Leading apes in hell
In these so-called enlightened days the decision to remain unmarried and/or not to have children is what is known as a lifestyle decision and rarely excites much in the way of comment. Turn the clock back a few centuries and a woman who chose a life of celibacy was contravening God’s command, as documented several times in the book of Genesis, to “be fruitful and increase in number; multiply on the earth and increase upon it”. There was a special fate reserved for these unfortunate women upon their death, to lead apes in hell.
The phrase first appeared in print in the poet George Gascoigne’s A Hundred Sundrie Flowers, published in 1573. Lady Pergo laments, “I am afraide my marriage will be marred, and I may goe lead Apes in hell”. Five years later John Lyly, in his didactic romance entitled The Anatomy of Wyt, has Ferardo advising his daughter, Lucilla, thus; “I had rather thou shouldest leade a lyfe to thine owne lykeinge in earthe, then to thy greate torments leade Apes in Hell”. Somewhat enamoured by this image, Lyly then has Lucilla say to Euphues, “I will eyther leade a Uirgins lyfe in earth (though I leade Apes in hell) or els follow thee rather then thy giftes”.
It has been suggested that the concept of a spinster being condemned to leading apes in hell after her death originated during the Reformation in an attempt to dissuade women from lamenting the loss of a contemplative life in a nunnery and to do their duty as women and have children. There is no specific evidence that this is so, save that the phrase, in print at least, appears post-Reformation. Its use in the The London Prodigall, written anonymously in 1605, suggests that it had proverbial status; “but tis and old prouerbe, and you know it well,/ that women dying maides, lead apes in hell”. This may suggest that it predates the Reformation.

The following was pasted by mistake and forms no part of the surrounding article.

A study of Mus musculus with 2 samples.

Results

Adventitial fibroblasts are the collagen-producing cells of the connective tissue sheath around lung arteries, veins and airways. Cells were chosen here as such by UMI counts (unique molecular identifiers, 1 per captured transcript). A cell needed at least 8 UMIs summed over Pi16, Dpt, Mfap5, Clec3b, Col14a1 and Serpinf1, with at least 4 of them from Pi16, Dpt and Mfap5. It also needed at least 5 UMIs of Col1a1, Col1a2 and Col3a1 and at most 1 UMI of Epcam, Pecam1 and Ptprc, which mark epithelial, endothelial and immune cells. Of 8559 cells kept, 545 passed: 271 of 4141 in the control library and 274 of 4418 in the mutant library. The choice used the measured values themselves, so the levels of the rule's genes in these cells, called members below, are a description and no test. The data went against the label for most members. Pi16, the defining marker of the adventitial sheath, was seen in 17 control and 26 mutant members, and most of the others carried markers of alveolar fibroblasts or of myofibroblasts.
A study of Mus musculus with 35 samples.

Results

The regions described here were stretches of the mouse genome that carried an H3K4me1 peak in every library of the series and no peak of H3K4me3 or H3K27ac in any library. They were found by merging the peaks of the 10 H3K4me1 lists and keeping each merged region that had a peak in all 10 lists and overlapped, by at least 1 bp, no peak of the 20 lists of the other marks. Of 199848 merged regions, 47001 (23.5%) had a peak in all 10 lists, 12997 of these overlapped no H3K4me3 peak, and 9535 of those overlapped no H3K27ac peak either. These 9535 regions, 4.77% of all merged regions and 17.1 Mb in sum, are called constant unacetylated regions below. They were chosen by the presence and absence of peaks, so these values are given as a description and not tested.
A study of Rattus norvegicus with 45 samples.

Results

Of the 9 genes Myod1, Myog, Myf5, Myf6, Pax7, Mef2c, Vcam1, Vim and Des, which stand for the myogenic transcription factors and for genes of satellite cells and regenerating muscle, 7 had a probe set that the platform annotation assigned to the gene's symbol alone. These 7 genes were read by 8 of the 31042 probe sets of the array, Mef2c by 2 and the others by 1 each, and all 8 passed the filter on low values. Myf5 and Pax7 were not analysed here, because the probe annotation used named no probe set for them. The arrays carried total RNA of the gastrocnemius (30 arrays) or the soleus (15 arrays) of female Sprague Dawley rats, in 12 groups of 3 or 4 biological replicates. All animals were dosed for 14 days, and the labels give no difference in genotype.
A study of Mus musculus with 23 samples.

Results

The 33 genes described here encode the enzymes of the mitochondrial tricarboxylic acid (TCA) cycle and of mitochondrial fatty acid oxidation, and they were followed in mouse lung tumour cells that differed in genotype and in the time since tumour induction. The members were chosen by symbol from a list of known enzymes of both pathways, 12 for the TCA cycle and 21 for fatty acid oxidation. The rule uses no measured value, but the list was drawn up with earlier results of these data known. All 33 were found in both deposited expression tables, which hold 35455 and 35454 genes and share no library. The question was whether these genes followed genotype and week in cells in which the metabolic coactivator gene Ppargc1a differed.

Whatever the case, Shakespeare was enamoured with the concept, using it twice, once in The Taming of the Shrew from 1591, in which Katherina chides her father for allowing her younger sister to marry before her; “I must dance bare-foot on her wedding day/ and for your loue to her, leade Apes in hell”. In Much Ado about Nothing from 1600 Beatrice tells her uncle she will not marry; “I am not for him, therefore I will euen take sixpence in earnest of the Berrord, and leade his apes into hell”.
Shakespeare may well have been enamoured by the phrase because it gave him the opportunity for a double entendre. To lead in Tudor times was a term used to describe the act of sexual intercourse. A woman who declined to have sexual intercourse with a man whilst alive was condemning herself to have an ape as her partner in her afterlife. You can imagine the audience guffawing at the prospect.
The phrase soon dropped out of fashion, perhaps the PR campaign to dissuade women from following the contemplative life of a nun had been successful, but it still raised its ugly head on occasion. A Valentine card from the 1850s contained these heartless verses; “you would like to wear them dearly,/ and in faith, you mean to try,/ but, old girl, I’ll tell you truly,/ your attempt is ALL MY EYE./ It will not fit, my downy one,/ so fairly I would tell,/ you had best but take the duty,/ of leading APES IN HELL”.
We have to assume that the hapless recipient would have understood the allusion even if today it would have left us scratching our heads.